Excavators have spent years recovering 28 hominin skeletons from the Sima de los Huesos pit in northern Spain, a cave that mean “pit of bones.” After finally digging them all up, researchers made a surprising discovery–one of the specimens has giant holes in his head. The man lived 430,000 years ago, and the holes suggest a deliberate attack; in other words, he could be the first murder victim that humans have ever uncovered.
This ancient victim was male and likely in his 20s. A DNA analysis of one of his companion skeletons suggests the tribe may be ancestral to both the Neanderthals and the Denisovans–the Neanderthals’ east Eurasian contemporaries.
Nohemi Sala from Complutense University of Madrid and her colleagues used forensic techniques to discover how the holes formed. Over time, the bones have broken into 52 pieces, but the fragments fit together to form a skull with two gaping holes on the left side of the forehead. The edges of these holes are consistent with a fresh bone fracture. They also found that the holes were about the same size and shape, which suggests two purposeful blows with the same object. The scientists believe the assailant was right-handed and armed with a spear or an axe.
“We are pretty sure that these are not circumstantial injuries,” Sala says. “Since either of these wounds would have likely been lethal, penetrating the brain, the presence of multiple wounds implies a deliberate act.”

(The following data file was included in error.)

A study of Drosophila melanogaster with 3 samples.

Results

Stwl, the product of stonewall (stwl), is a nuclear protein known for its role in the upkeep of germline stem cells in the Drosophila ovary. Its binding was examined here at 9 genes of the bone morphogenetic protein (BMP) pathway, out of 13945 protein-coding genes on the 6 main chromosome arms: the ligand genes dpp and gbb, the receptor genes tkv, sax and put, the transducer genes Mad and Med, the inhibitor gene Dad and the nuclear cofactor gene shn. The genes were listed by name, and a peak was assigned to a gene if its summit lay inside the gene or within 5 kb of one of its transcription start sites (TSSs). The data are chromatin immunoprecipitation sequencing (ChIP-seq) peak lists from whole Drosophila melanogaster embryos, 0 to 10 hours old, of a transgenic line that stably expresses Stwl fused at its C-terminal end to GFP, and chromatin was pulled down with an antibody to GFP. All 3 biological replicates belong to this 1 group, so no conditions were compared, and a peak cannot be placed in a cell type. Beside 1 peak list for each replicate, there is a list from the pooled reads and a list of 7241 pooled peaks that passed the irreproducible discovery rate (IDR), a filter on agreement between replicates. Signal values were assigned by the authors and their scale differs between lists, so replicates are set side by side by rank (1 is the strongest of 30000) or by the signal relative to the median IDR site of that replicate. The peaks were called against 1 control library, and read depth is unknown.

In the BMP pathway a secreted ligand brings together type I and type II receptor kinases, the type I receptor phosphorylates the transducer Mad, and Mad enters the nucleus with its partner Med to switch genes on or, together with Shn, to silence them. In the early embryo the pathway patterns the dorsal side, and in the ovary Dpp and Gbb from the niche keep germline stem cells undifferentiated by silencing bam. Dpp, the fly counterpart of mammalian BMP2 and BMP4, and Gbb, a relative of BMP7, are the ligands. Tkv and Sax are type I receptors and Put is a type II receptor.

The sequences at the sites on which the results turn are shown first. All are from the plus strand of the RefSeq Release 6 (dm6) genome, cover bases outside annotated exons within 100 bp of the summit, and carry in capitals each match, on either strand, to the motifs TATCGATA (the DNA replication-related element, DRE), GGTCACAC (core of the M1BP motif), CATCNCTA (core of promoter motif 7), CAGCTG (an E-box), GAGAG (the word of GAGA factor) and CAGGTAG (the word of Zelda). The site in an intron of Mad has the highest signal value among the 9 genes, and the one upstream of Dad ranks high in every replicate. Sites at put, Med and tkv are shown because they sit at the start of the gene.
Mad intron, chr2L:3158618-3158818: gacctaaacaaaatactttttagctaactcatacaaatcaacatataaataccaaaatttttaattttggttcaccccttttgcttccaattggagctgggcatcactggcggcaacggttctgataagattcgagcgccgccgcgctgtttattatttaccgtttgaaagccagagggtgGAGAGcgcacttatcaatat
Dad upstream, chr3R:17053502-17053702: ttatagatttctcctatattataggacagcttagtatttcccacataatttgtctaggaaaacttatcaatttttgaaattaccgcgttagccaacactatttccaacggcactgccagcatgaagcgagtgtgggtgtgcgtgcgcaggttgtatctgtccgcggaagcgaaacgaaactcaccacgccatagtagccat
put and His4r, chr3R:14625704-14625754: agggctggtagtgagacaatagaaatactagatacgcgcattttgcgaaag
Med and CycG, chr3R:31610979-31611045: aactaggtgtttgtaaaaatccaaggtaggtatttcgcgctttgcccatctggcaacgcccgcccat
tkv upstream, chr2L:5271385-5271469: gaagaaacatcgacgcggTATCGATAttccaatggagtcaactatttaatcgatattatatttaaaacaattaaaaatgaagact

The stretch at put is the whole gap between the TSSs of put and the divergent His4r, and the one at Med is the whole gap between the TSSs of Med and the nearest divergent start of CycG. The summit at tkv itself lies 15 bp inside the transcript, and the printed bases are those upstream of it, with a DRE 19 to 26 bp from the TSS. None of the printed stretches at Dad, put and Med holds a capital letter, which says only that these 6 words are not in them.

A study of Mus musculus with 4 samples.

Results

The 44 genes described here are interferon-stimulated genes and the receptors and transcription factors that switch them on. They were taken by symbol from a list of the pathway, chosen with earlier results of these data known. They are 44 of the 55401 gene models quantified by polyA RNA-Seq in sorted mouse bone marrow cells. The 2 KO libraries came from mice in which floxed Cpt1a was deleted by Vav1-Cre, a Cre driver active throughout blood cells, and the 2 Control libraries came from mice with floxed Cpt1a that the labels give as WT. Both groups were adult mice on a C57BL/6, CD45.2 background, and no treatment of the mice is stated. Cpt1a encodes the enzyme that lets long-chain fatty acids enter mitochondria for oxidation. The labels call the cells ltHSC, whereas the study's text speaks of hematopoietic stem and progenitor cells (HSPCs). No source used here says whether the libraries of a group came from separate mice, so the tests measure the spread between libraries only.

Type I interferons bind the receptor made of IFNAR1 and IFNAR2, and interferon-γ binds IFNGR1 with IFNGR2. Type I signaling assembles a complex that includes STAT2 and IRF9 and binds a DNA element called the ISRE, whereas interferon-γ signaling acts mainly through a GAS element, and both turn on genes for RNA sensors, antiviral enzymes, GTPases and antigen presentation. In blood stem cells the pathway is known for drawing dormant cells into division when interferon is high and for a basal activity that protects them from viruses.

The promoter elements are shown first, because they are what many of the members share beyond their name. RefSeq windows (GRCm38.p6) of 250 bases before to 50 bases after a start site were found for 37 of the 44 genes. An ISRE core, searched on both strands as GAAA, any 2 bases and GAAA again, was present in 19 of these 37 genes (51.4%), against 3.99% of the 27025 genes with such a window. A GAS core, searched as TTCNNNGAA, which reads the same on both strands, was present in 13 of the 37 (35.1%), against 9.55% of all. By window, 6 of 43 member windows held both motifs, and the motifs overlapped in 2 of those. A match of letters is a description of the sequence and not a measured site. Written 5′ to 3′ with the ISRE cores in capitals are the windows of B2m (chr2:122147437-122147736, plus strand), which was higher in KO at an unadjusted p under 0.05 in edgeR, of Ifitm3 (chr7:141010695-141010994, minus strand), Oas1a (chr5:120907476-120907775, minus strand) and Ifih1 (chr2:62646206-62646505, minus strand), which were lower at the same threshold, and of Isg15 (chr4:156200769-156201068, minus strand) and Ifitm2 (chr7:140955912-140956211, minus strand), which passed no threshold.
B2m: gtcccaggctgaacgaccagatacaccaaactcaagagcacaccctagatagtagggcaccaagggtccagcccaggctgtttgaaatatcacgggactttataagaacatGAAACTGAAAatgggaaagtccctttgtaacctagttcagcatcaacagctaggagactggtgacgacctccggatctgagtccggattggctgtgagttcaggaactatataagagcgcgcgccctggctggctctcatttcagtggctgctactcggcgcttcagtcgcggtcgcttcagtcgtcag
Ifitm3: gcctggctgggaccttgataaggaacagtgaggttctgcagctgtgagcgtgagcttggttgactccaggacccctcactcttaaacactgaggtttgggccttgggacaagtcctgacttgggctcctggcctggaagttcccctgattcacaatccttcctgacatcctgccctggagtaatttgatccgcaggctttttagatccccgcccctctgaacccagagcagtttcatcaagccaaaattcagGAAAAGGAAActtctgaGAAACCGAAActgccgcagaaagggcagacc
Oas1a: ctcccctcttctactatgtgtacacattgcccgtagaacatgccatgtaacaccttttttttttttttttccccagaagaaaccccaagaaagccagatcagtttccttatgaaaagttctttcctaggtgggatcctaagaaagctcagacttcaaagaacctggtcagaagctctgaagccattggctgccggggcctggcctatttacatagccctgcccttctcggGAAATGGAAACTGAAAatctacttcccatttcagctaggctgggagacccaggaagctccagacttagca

Though this unlucky fellow is the first homicide victim we know of, that doesn’t mean he is the first murdered human ever. The first human skeleton ever discovered is Lucy, and she is just under 3.18 million years old. This discovery does show that violence is not a new concept, however.
“One implication of the study is that murder is a very ancient human behavior,” says Rolf Quam, one of the researchers.
This battered skeleton also provides evidence that humans were already engaging in funeral rituals. There are two ideas about the pile of skeletons in which this victim was found: Either they all fell to their deaths in a vertical shaft over time, or they were thrown into the pit. Because this skeleton was clearly dead before he was placed in the pit, this new discovery supports the second notion of some sort of mass burial.
“It’s not possible to have an accident down there if you’re already dead,” Sala says. “The only possible manner by which a deceased individual could have arrived at the site is if its cadaver were dropped down the shaft by other hominins. Middle Pleistocene hominins were already engaging in funerary behavior.”